How Can the Weather Affect Your Eczema?
Throughout the US, there are millions of individuals of all ages suffering from eczema – and with each coming year, millions more will be afflicted with the condition. Eczema is skin condition in which the patient will experience itchy, severely inflamed skin patches – often along creases and folded areas on the body. Eczema has a number of different causes, most commonly brought on my stress (both physical and mental) and the presence of irritants making contact with the skin. While eczema is treatable, for most sufferers it will often return due to different triggers – infections, allergens, skin irritants, and certain skincare products are the most common. However, while these are the most known triggers for eczema, one of the most severe is also the least known – the weather. According to Rye dermatologist, Dr. Eric Treiber, the changing of seasons and the different weather conditions it brings about can cause the most severe of eczema breakouts. And those patients living in areas in which they experience, an explicit change of seasons are far more susceptible to repeated bouts of eczema. Here are some important facts to help you better understand how exactly the weather may be affecting your skin, and what can be done about it.
In certain parts of the country, like New York, where Rye dermatologist, Dr. Eric Treiber is based, each and every year a few things are certain – it will snow in the winter and be unbearably cold, and the summers will be hot and humid. Of course, the spring and fall do provide a pleasant respite from these clearly opposing ends of the spectrum but when it comes to skincare, they can bear a big part of the burden as well. During the spring and summer months, as the temperatures begin to increase the air will get very hot and in certain areas, humidity levels will rise. With this rise in heat and humidity, we naturally begin to sweat – with sweating comes flare ups of atopic dermatitis, the most common form of eczema. In contrast, during the winter months, as the air becomes more frigid and temperatures dip below freezing – we will often experience dry skin. While dry skin might be a normal part of life for most, that can be fixed with a bit of moisturizer, according to Rye dermatologist, Dr. Eric Treiber, those with more eczema-prone skin, have trouble holding in moisture. This will lead to brittle, scaly skin characteristic of eczema.
Having eczema isn’t usually a big enough to uproot you and your family but living in certain parts of the country can definitely benefit you and control some of your skincare issues. Some patients tend to have success in the southwest of the US, while it might be hot, the air is fairly dry and lacks too much humidity. And therefore, some skin conditions won’t be as bothersome. For those who suffer from overly dry skin however, other, more temperature areas may prove better for you. Of course, moving to an entire new part of the country simply isn’t an option for the vast majority of us, meaning we must learn to cope with the conditions of our home state. For those with issues in the hot summer months, a few tips might help stave off those eczema breakouts. According to Rye dermatologist, Dr. Eric Treiber, thick moisturizers and greasy topicals simply won’t work in the hot weather. Instead switch to lighter lotions and even aloe creams, as opposed to thicker cream moisturizers. Also, pay attention to the type of soap you use – certain antibacterial soaps can be too strong, killing off useful bacteria. Try a gentle light soap, with a built-in moisturizer – and be sure to rinse off with cold water after any exposure to other irritants. In addition, stick to looser, more breathable clothing and fabrics like cotton – this will help reduce irritation of the skin. The best thing you can do overall is to stay cool, try to keep your home or work air conditioned or at least use a fan – if possible, limit the humidity levels to 50 percent.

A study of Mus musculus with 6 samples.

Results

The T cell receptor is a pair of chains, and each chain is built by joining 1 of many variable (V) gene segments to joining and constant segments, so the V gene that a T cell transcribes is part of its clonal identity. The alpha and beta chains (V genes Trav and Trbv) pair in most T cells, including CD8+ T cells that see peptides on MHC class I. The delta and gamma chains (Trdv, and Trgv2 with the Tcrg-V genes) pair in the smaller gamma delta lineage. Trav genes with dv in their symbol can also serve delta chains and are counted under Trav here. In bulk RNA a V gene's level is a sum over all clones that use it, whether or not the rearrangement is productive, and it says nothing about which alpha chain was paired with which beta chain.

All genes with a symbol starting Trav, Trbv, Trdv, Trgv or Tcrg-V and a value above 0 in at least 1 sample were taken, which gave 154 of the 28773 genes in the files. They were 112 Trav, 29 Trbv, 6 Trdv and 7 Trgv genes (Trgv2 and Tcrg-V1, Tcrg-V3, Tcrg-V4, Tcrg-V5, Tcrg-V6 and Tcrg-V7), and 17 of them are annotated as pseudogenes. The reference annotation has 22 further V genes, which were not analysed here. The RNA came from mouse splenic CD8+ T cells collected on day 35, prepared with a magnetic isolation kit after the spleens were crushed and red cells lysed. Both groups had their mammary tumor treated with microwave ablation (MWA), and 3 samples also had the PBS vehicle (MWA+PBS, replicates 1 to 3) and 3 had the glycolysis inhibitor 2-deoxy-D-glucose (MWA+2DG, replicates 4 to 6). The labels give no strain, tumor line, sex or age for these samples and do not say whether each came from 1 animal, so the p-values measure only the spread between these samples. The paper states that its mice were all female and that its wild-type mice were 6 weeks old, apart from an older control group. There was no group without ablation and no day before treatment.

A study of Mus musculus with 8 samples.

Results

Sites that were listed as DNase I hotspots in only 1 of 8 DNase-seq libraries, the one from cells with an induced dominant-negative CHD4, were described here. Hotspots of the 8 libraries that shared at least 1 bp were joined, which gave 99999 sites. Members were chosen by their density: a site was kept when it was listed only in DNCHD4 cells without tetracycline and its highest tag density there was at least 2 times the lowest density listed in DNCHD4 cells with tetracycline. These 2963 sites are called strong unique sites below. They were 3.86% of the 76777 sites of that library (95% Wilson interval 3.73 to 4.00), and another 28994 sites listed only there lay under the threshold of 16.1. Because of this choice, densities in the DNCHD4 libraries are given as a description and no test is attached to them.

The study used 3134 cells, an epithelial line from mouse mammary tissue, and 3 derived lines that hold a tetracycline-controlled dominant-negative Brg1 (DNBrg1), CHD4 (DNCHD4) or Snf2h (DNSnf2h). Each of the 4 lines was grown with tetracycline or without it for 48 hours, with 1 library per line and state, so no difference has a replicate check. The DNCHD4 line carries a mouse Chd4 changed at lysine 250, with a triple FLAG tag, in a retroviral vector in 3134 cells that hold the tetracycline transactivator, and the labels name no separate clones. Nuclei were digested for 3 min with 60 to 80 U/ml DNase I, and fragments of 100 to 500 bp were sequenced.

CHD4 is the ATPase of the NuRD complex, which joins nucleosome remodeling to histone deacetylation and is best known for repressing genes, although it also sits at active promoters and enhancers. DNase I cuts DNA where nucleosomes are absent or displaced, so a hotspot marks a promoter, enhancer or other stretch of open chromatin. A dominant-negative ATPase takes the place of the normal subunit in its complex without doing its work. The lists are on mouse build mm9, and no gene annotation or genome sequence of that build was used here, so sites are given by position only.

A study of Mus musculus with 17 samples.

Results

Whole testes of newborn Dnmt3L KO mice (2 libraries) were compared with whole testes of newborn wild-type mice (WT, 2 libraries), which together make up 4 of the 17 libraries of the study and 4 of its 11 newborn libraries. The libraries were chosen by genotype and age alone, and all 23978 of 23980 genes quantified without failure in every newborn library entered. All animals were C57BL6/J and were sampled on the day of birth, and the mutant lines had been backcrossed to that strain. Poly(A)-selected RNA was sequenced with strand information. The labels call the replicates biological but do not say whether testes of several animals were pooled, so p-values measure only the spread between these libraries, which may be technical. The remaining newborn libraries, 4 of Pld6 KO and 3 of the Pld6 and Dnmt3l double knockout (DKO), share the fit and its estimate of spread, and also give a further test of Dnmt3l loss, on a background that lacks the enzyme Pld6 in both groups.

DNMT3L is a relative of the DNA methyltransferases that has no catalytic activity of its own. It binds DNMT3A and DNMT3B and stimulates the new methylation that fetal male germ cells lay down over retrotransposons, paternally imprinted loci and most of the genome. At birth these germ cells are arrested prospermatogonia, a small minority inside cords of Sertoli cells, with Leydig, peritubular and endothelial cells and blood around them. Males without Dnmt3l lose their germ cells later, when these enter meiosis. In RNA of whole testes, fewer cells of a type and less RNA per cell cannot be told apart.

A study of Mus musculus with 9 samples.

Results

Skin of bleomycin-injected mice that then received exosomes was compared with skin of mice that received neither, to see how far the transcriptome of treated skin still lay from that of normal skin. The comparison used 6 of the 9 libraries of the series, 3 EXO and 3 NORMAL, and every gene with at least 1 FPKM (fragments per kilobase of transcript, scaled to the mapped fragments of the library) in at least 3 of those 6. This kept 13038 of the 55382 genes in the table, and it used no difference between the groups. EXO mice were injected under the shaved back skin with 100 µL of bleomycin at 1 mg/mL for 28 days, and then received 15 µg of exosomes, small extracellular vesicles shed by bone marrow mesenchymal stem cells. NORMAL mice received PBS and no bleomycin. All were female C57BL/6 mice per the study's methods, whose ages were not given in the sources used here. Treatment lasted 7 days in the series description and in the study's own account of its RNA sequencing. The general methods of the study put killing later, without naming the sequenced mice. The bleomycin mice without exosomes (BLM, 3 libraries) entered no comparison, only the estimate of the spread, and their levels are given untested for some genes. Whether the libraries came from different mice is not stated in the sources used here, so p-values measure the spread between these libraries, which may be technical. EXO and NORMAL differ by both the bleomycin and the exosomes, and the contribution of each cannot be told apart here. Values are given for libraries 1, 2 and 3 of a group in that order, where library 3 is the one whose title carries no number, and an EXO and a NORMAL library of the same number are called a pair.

For those dealing with the cold weather however, it is a different story. In a colder, dry climate ti is important to moisturize as much as possible – twice a day or more. Use petroleum jelly and thicker, topical moisturizers with built in fatty acids. And in the event dry skin and rashes do strike, try hydrocortisone cream – both OTC and prescription strength. When it comes to you and your environment it is vital to avoid irritants at all costs. According to Rye dermatologist, Dr. Eric Treiber, avoid fabrics like wool as they will lead to constant breakouts – try softer, skin-friendly cotton layers. You may want to invest in a humidifier, to add some humidity if you feel the air being overly dry. Also, try fragrance-free soaps, with built in moisturizers.
One of the best tips for your skin overall, no matter what the temperature might be, is to wear protective sunscreen – SPF 30. For more information on eczema treatment, contact Treiber Dermatology today.